LIHUE — Noa Kaaumoana drove up to the drive-thru voter registration set up in front of the Historic County Building, got out of his truck and walked up to the booth.
“Today is the last day, yah?” Kaaumoana asked the county employees, smiling. “I have never voted before in my life.”
“All we need is for you to complete this top section here, the questions here, one, two and three, sign and date and this side here is if you’d like to receive the ballot by mail,” said Maile Ka‘auwai, of the elections office. “It goes to your residence address. Go ahead and complete this form.”
He began filling out the form and asked questions when he had them.
“Are you a resident of the United States?” Ka‘auwai asked him.
“No, but yeah,” he laughed. “We’ll get our kingdom back soon.”
The county employees, who had taken on the second shift of the day, told The Garden Island they had seen about a dozen people at the drive-thru voter registration between noon and 3 p.m.
Thursday was the final day to register to vote in the primary election on Aug. 13.
People would come in bursts, Maile Ka‘auwai said. She and Tina Pikini were waiting to see if they would get a rush at the end of the day.
Drive-thru registrations Wednesday and Thursday totaled 85, said Lyndon Yoshiaka, elections administrator at the office of the county clerk.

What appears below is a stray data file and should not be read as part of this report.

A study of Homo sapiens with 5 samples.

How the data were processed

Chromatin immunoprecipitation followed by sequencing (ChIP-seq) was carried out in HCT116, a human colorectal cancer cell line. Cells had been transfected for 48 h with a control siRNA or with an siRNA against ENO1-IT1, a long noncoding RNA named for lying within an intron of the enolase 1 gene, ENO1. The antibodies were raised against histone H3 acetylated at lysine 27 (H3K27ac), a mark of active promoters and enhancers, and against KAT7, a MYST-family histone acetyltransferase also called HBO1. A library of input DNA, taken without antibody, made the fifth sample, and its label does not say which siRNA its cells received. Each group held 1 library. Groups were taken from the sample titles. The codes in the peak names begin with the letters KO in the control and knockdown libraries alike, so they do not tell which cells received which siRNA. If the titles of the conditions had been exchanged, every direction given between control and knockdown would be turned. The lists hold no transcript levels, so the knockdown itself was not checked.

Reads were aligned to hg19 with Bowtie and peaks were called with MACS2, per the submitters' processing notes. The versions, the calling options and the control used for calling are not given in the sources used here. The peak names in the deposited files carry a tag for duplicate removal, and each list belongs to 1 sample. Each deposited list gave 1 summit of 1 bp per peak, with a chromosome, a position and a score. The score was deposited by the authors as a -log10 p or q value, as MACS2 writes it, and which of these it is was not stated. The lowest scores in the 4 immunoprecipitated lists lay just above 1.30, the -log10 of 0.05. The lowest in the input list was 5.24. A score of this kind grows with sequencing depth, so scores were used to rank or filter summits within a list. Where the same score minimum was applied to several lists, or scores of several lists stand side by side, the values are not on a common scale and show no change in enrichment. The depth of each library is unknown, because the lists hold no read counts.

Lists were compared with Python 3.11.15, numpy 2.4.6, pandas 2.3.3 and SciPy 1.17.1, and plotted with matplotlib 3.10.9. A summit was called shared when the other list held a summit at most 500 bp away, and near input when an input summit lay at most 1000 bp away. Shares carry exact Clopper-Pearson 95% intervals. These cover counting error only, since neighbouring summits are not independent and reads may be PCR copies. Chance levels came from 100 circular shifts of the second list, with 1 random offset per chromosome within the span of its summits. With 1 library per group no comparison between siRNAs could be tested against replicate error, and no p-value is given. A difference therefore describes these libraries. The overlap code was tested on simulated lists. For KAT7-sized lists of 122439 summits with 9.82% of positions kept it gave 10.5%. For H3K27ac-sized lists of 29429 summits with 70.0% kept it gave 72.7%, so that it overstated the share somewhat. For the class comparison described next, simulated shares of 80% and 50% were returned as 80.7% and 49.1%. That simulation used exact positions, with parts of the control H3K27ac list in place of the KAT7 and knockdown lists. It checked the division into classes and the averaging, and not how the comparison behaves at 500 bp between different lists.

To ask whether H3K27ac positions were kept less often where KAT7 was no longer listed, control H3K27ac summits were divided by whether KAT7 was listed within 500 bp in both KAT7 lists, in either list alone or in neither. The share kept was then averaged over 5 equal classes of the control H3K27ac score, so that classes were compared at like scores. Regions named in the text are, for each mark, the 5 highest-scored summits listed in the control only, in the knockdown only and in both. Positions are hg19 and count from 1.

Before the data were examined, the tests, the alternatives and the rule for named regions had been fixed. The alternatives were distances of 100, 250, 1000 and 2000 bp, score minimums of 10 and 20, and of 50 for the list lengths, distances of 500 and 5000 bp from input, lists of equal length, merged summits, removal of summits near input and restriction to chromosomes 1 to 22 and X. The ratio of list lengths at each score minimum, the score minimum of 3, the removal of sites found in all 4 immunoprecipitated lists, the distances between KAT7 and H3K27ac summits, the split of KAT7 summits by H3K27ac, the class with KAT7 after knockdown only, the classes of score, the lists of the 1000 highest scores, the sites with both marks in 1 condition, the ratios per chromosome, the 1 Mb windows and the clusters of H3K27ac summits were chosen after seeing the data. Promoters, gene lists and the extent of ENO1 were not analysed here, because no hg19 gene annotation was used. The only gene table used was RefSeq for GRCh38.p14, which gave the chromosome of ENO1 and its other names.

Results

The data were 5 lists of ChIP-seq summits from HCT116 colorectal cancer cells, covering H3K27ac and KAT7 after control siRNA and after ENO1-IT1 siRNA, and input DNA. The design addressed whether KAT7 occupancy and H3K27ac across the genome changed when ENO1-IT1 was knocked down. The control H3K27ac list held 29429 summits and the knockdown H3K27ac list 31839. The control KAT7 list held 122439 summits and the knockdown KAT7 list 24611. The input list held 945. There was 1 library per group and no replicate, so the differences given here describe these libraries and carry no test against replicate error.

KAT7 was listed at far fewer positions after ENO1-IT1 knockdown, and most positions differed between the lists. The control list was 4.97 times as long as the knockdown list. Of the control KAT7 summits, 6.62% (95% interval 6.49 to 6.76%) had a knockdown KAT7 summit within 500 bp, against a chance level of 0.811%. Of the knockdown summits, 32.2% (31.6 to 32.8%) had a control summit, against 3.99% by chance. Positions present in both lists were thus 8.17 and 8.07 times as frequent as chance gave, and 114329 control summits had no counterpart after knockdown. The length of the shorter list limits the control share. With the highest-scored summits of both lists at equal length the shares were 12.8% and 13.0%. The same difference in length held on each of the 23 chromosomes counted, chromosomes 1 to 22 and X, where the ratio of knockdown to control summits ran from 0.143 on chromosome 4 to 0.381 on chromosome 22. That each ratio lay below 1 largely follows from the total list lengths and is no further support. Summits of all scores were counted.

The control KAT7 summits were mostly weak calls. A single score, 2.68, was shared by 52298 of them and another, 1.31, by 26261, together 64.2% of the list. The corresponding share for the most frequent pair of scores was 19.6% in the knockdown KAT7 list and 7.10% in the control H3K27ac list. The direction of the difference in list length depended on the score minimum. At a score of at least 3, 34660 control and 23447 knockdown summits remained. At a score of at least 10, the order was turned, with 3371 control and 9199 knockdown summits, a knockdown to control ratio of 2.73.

As far as online voter registration activity from noon on Wednesday to end of day Thursday, there were 133 transactions, which included 43 new registrations and 90 updates or re-registrations, he said.
There are 43, 389 registered voters on Kauai.
“I had friends bugging me about voting and I thought I could make a difference,” Kaaumoana said. “Even a little difference. I just see some new faces that are coming out to run and I think that we need some new blood in there.”
Lois Andersson said she and her husband vote because it’s an important hard-fought right. And she’s concerned about the presidential election.
“People are very apathetic about things these days and it’s not cool,” said Lois Andersson. “Right now, we have the lesser of two evils. Both are really crappy choices. One is just less crappy than the other.”
Ken Kazao Tazaki said voting is important, so he was also at the drive-thru voter registration Wednesday with a friend.
Sometimes you vote because you care about your family.
“I got my Auntie Kanoe and my Uncle Bernabe running,” said Seraiah Yata. “I have family running. There are so many issues facing Kauai, I wouldn’t know where to start.”
Ernette Moreno Sanchez said she just moved to Kauai, but is starting to understand some of the issues on island. She said voters need to make sure the right people get into office.
“There is a homeless situation that needs to be addressed on Kauai,” she said. “As far as nationwide, equal rights for all people. I don’t want to see anybody left out or discriminated against or eliminated.”
Moreno Sanchez said that recently, Americans have had their constitutional rights violated.
“We don’t want to go backward because we have come so far,” she said. “That’s why we have to make sure that the right person is in office. To reverse things would be a tragedy to the country.”